A possible takeover of Liberbank SA by Abanca Corporación Bancaria SA is a sign that M&A is heating up in Spain's banking sector, but the breakdown of recent merger talks between Liberbank and Unicaja Banco SA reveals the difficulties involved.

The Liberbank-Unicaja talks broke down in May after the two banks were unable to agree on a share swap. At one point Abanca stepped briefly into the fray, discussing a possible bid with Liberbank shareholders, but withdrew its interest.

Now, a report suggests it could be back in the bidding. An Abanca acquisition of Liberbank would create the sixth-largest bank in Spain by asset size.


The recent interest around Liberbank has sparked speculation that a second wave of consolidation may be kicking off.

The industry is highly competitive and remains fragmented, with too many players chasing too little market share. Lenders are digitizing their business, boosting online banking and cutting branches.

State-owned Bankia SA needs to be privatized and has been linked to other Spanish lenders such as Banco de Sabadell SA, while Spanish press reports have suggested Unicaja might start shopping around again for another lender such as Ibercaja Banco SA, which is planning to list on the stock market.

Neither Liberbank nor Abanca responded to requests for comment for this article. Unicaja declined to comment.

Weak profits

The sector has drastically reduced its exposure to bad loans inherited from Spain's real estate crash, signalling that perhaps it is the right time for medium-sized banks to start looking for suitors, Manzano said.

Most banks face profitability issues, and a merger is a good way to cut costs and generate synergies, he said.


Spain's smaller and medium-sized banks "remain way behind the level of competitiveness that they require, so there has to be some form of consolidation," Daniel Lacalle, chief investment officer at fund manager Tressis Gestión, said in an interview.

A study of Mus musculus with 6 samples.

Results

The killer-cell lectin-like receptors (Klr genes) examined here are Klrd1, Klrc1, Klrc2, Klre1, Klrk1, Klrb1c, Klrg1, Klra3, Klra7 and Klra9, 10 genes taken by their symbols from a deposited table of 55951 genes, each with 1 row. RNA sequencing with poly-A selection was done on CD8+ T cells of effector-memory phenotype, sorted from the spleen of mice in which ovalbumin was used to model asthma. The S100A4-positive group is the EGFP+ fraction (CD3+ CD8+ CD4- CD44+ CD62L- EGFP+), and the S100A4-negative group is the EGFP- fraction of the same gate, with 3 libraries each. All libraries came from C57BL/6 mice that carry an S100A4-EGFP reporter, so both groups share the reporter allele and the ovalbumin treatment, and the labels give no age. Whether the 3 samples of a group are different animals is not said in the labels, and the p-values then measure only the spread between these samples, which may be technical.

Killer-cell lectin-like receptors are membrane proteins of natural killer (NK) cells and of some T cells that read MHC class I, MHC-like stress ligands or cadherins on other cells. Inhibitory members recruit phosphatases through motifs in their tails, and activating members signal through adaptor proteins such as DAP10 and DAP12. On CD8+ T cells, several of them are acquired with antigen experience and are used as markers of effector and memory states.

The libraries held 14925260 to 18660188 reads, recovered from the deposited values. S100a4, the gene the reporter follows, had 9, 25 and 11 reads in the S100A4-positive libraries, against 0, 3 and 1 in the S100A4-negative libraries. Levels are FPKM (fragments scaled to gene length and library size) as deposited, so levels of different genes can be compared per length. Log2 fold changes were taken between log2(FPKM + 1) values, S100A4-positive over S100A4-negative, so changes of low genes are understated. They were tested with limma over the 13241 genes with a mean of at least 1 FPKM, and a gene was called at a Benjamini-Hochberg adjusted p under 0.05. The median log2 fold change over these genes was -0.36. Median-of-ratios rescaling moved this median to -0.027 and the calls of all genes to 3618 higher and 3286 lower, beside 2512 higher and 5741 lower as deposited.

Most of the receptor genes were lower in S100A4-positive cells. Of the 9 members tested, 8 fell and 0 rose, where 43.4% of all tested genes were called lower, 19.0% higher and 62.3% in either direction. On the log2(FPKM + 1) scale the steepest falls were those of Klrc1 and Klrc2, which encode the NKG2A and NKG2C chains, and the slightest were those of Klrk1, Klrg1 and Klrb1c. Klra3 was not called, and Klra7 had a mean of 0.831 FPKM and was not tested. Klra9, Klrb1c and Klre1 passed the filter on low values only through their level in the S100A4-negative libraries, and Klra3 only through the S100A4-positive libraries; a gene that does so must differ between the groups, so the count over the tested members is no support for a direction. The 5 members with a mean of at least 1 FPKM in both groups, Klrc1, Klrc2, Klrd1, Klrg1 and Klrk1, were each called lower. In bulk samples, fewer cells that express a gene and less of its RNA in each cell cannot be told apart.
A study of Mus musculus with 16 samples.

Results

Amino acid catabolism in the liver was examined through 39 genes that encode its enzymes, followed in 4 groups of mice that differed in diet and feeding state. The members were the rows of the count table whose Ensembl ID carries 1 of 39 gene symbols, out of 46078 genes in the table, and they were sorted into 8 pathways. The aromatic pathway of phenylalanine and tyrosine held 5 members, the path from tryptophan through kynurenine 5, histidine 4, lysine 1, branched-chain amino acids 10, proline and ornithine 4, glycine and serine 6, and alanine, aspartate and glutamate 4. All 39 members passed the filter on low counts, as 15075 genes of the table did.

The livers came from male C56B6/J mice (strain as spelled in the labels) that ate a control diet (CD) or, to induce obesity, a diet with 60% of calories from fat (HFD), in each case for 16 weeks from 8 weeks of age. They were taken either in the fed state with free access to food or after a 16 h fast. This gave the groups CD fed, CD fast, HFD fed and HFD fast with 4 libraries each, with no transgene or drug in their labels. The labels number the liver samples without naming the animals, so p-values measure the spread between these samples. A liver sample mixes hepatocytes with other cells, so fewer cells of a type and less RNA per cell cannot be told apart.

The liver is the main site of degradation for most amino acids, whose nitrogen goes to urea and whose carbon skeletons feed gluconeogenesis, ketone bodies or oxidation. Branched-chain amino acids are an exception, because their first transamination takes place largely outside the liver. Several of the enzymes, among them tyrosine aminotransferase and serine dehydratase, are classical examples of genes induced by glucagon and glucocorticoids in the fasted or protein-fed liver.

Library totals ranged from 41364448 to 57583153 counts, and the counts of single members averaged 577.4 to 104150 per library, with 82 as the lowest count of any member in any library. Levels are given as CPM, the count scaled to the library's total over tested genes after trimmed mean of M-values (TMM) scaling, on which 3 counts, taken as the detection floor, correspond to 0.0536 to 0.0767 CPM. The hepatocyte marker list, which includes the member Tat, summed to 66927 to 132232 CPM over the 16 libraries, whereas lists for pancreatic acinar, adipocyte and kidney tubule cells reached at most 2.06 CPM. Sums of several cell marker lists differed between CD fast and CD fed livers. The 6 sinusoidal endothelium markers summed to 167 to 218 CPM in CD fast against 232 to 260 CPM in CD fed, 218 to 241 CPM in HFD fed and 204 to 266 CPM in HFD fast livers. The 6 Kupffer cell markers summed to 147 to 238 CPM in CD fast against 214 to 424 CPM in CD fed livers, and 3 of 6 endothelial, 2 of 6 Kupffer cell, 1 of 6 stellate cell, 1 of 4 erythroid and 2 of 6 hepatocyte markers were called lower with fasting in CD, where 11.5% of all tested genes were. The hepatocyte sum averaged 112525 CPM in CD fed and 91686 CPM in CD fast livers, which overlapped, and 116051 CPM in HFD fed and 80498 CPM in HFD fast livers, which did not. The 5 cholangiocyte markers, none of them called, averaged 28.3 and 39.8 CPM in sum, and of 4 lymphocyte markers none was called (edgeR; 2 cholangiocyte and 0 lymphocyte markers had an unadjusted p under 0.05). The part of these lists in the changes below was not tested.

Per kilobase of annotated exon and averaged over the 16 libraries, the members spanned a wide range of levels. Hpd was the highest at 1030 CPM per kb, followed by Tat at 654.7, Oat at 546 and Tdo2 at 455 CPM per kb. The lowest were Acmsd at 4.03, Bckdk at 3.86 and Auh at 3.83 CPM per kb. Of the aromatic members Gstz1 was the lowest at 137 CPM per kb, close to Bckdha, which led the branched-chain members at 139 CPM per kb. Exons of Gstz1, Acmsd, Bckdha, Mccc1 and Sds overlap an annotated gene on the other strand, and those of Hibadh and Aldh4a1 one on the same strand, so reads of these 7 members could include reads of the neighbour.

But, he said, a lack of investor support for mergers due to low bank share prices, an inability to agree on price and concerns about whether mergers will deliver on costs and profit growth will probably put a stop to many tie-ups for the moment.

"We are not going to see 'growth-for-growth's-sake' type mergers," he said. "There has to be a very, very sound logic and I think that is going to prevent many of these firms from entering into a process of consolidation," he said.

'Lean and mean'

Many Spanish banks want to create smaller versions of the nation's largest, Banco Santander SA, but they should instead concentrate on being "lean and mean," Lacalle said.

He cited the example of Bankinter SA as one of Spain's best-performing lenders. The Madrid bank has set itself apart by concentrating on affluent customers, investing in digital banking before many of its peers and not engaging in mortgage price wars.


Analysts at Fitch noted that price and agreements on shareholder structure could be sticking points to future deals between regional banks. Other points of contention could include potential job losses and the loss of control of local branches.

"If shareholders with strong regional affiliation represent a significant part of a bank's ownership, this may become an additional obstacle to a deal," Fitch analysts said in a note.

DBRS' Manzano said that while consolidation will definitely take place, it will be at a different pace.

At the moment, banks can compete in their regions but the industry is rapidly changing, especially with advances in technology, he said.

This is different from the crisis period when consolidation was a "must" and was driven by capital purposes, he said. At the moment it is more for profitability and so there is not the same urgency.